Hotel Americano's Carlos Couturier

Despite being the destination for New York’s art and design crowd, west Chelsea maintains a relatively quiet existence after the galleries shut their doors. Its gritty, industrial character, cool and stylish by day, often goes unseen at night. And while many a hotelier have understandably avoided this remote part of town in favor of higher-traffic locales, Carlos Couturier of the newly-debuted Hôtel Americano is quick to articulate that this was precisely what appealed to him.

“We like the fact that we’re in our own world, and yet, things are changing so swiftly,” he says. “We wanted the hotel to be an emblem, a foundation, before the neighborhood changes into something else.”


Visitors to Mexico may already know of Couturier’s hotel group, Grupo Habita, and its various assortment of ten-and-counting properties, ranging from Mexico City’s sleek Hôtel Habita, to Maison Couturier, a tropical farm estate nestled away in Veracruz. Hôtel Americano, however, is the group’s first enterprise north of the border.

Couturier and his team enlisted Enrique Norten, now based in New York, to mastermind the design. Having worked with Grupo Habita before, Norten’s participation tempered the daunting nature of an international project, while his understanding of Chelsea’s landscape appropriately shaped the hotel’s aesthetic.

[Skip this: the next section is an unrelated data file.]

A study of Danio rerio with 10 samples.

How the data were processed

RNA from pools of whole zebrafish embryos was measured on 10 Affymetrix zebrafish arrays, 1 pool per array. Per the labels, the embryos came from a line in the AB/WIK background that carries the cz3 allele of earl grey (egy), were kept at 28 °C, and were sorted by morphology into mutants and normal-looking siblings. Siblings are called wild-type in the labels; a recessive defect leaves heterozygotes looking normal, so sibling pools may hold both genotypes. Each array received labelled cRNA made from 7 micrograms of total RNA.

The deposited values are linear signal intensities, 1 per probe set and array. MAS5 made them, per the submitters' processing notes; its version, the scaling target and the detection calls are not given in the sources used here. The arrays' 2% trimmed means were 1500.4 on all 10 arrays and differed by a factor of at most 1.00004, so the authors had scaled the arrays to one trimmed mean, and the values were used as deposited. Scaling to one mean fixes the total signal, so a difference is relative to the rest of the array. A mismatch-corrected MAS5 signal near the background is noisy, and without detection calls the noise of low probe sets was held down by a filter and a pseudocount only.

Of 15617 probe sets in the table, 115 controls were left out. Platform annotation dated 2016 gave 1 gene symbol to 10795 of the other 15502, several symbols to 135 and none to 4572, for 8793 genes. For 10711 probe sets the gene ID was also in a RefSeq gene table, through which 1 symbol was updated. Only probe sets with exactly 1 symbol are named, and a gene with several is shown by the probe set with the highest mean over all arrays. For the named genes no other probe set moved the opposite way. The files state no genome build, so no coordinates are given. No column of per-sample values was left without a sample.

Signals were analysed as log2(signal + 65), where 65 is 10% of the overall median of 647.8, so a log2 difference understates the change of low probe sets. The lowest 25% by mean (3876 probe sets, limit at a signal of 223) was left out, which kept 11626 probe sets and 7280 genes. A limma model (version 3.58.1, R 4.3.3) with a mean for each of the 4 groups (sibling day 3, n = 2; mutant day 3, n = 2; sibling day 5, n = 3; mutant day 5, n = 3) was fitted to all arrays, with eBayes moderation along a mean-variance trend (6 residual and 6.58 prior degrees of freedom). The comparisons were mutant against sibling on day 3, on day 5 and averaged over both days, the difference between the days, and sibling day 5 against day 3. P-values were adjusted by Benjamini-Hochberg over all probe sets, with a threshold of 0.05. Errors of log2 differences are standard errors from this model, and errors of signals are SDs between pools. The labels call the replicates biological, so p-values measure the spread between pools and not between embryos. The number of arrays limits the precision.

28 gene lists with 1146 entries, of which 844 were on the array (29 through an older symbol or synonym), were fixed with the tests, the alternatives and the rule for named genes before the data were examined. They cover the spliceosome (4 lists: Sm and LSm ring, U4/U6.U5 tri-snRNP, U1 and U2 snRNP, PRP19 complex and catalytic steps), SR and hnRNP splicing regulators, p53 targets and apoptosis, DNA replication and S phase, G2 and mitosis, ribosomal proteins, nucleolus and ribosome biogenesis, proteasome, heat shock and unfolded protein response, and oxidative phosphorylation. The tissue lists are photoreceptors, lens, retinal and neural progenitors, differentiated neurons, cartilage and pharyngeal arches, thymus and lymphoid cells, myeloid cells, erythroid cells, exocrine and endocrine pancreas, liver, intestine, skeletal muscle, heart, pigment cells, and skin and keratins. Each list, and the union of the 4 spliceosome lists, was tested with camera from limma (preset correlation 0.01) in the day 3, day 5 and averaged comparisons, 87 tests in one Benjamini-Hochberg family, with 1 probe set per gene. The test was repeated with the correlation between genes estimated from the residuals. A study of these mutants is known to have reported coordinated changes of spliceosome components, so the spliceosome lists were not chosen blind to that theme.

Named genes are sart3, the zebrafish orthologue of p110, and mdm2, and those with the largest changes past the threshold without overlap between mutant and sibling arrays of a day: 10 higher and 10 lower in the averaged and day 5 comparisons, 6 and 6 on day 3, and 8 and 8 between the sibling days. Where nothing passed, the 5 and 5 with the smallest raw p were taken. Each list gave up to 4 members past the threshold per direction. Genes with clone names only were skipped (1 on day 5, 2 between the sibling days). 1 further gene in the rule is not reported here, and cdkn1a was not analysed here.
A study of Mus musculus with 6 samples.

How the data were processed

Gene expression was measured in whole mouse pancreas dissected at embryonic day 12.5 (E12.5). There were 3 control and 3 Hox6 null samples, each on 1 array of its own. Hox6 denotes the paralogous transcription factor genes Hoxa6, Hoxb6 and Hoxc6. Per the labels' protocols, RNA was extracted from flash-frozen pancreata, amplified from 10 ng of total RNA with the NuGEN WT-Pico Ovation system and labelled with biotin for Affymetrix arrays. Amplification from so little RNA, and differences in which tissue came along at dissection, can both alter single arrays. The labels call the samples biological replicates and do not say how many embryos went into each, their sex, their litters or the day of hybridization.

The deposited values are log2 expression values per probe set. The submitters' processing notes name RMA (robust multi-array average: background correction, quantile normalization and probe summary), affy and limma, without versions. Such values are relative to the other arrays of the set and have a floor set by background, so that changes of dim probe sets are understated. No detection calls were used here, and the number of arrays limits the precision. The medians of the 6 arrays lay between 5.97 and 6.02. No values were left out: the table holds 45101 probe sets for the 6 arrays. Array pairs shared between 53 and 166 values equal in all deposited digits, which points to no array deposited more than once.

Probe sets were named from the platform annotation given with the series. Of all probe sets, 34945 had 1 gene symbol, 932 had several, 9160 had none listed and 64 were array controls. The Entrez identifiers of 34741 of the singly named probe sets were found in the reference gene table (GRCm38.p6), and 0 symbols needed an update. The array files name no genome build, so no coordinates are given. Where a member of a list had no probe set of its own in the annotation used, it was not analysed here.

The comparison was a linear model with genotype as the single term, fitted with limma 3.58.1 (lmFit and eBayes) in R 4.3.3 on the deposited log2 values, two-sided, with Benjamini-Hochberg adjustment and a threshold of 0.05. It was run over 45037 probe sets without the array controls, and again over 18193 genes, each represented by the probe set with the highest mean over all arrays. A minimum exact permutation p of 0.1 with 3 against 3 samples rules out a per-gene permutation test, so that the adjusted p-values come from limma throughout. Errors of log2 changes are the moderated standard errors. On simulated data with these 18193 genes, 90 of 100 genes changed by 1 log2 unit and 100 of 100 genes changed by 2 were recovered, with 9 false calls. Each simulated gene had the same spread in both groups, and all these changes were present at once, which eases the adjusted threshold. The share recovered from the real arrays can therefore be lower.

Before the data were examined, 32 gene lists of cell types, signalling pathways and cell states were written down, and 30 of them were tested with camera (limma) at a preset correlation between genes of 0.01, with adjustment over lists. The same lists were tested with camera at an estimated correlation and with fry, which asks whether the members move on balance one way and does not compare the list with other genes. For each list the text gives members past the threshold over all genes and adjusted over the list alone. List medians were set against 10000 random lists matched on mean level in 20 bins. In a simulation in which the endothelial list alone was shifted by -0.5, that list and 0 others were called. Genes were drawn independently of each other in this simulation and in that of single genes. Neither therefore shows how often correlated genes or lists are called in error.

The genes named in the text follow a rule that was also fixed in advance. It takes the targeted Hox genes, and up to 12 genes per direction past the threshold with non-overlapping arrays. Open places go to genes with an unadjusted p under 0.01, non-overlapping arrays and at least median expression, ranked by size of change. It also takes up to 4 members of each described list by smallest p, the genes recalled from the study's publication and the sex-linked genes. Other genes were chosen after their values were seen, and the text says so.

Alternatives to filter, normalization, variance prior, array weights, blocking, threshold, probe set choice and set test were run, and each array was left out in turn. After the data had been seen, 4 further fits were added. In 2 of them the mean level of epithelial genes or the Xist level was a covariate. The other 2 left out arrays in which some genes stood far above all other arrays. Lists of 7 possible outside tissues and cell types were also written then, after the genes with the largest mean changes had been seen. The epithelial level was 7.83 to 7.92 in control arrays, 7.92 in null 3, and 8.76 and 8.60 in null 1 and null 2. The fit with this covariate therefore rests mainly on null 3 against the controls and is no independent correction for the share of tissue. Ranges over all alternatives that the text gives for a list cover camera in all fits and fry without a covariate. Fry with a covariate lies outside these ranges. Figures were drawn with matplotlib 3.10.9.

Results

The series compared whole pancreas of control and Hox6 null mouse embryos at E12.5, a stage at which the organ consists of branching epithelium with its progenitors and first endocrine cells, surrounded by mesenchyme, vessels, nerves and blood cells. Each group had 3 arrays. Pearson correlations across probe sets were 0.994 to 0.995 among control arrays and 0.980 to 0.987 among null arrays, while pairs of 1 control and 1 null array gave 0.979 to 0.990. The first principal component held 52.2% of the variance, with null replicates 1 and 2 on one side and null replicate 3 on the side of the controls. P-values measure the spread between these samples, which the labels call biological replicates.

“We agreed on a metal façade because there’s a lot of industrial aspects in the neighboror collector, or whatever. This is a neutral space, where they can almost disconnect from that.”

Room rates aren’t inexpensive per se, but they are affordable. And yet, Americano doesn’t skimp on hospitality. Here, the notion of luxury is rooted in offering the same level of service to all its guests. Providing luxury that’s attainable, but without devaluing its very definition has always been a top priority for Grupo Habita, now more than ever.

“In this economy, guests are much more focused on value. They want to be accommodated individually, regardless of whether or not they’re staying in the smallest room or the biggest—everyone should be treated like they’re staying in the best room,” says Couturier. “And that’s what we do.”